By John McClaughry
Bill McKibben, the activist in residence at Middlebury College, has written a long piece in the Nov. 22 issue of New Yorker. To many readers it will be a persuasive explanation of the terrors of climate change, with its sea level rises, fires, floods, and droughts.
McKibben, like Bernie Sanders, lays the blame on ExxonMobil and the Koch Brothers as the major culprits who have blocked dramatic action by the world to stop emitting greenhouse gases.
But the paragraph that caught my eye was this: “Even if a carbon tax somehow made it past the GOP, the amount Exxon says it wants — $40 a ton — is tiny compared to what the IPCC’s analysts say would be required to make a real dent in the problem. And in return the proposed legislation would relieve the oil companies of all liability for the havoc they’ve caused. IPCC estimates that avoiding “catastrophic anthropogenic global warming” requires governments to impose carbon dioxide taxes of between $135 and $5,500 per metric ton”.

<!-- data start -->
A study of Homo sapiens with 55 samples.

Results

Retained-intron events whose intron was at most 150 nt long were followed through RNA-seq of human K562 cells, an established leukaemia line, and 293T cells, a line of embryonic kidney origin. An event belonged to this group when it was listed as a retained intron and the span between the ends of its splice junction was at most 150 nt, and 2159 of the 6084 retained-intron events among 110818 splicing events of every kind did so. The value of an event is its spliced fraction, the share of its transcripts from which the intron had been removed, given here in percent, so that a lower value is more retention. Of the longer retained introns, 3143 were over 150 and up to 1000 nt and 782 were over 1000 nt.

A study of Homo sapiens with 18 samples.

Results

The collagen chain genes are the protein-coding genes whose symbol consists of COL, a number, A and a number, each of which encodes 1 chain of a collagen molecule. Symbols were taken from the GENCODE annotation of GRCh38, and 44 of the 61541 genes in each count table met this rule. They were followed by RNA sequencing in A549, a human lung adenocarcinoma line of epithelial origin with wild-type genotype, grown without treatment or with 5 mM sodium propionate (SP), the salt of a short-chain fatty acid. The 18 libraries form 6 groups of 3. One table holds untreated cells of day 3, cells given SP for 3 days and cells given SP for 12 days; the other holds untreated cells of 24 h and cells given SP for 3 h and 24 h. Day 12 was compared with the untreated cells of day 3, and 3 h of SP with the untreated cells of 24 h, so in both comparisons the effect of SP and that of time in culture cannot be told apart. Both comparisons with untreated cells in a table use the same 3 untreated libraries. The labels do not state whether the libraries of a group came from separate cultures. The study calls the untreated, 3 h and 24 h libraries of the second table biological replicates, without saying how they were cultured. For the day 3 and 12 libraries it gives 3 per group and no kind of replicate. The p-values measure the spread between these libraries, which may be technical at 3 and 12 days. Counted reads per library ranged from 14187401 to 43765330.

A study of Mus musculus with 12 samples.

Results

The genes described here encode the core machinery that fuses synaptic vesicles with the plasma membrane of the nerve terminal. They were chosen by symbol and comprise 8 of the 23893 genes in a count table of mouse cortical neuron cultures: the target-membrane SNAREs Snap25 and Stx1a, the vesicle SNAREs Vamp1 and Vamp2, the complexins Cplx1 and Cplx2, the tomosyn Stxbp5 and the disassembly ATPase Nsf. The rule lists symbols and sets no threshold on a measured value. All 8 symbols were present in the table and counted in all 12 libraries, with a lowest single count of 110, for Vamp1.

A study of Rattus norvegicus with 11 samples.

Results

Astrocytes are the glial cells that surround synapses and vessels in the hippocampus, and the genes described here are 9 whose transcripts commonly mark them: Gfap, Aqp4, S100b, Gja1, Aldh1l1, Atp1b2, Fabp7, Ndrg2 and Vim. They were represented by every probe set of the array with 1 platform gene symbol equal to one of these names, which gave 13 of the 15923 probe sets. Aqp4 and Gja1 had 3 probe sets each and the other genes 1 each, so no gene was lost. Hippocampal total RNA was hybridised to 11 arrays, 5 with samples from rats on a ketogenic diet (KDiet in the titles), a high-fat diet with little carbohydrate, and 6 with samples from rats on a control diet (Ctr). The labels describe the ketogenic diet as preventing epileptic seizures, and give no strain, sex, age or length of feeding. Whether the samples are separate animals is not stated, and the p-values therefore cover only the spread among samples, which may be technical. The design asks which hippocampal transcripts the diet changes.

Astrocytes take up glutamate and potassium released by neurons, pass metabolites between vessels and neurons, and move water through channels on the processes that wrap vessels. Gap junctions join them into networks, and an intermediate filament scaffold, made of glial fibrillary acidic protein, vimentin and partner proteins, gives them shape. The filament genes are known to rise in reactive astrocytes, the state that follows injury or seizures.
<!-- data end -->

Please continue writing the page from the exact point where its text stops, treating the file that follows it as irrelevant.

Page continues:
Here in Vermont, McKibben and the carbon tax advocates want to put a tax on heating oil, gasoline, diesel, propane and natural gas that rises to $40 a ton after eight years. If the whole world did that, according to McKibben it would produce only 30 percent of the absolute bare minimum needed to make any difference to Planet Earth. So they’ll demand to quadruple the tax, and make you pay it.
John McClaughry is vice president of the Ethan Allen Institute. Reprinted with permission from the Ethan Allen Institute Blog.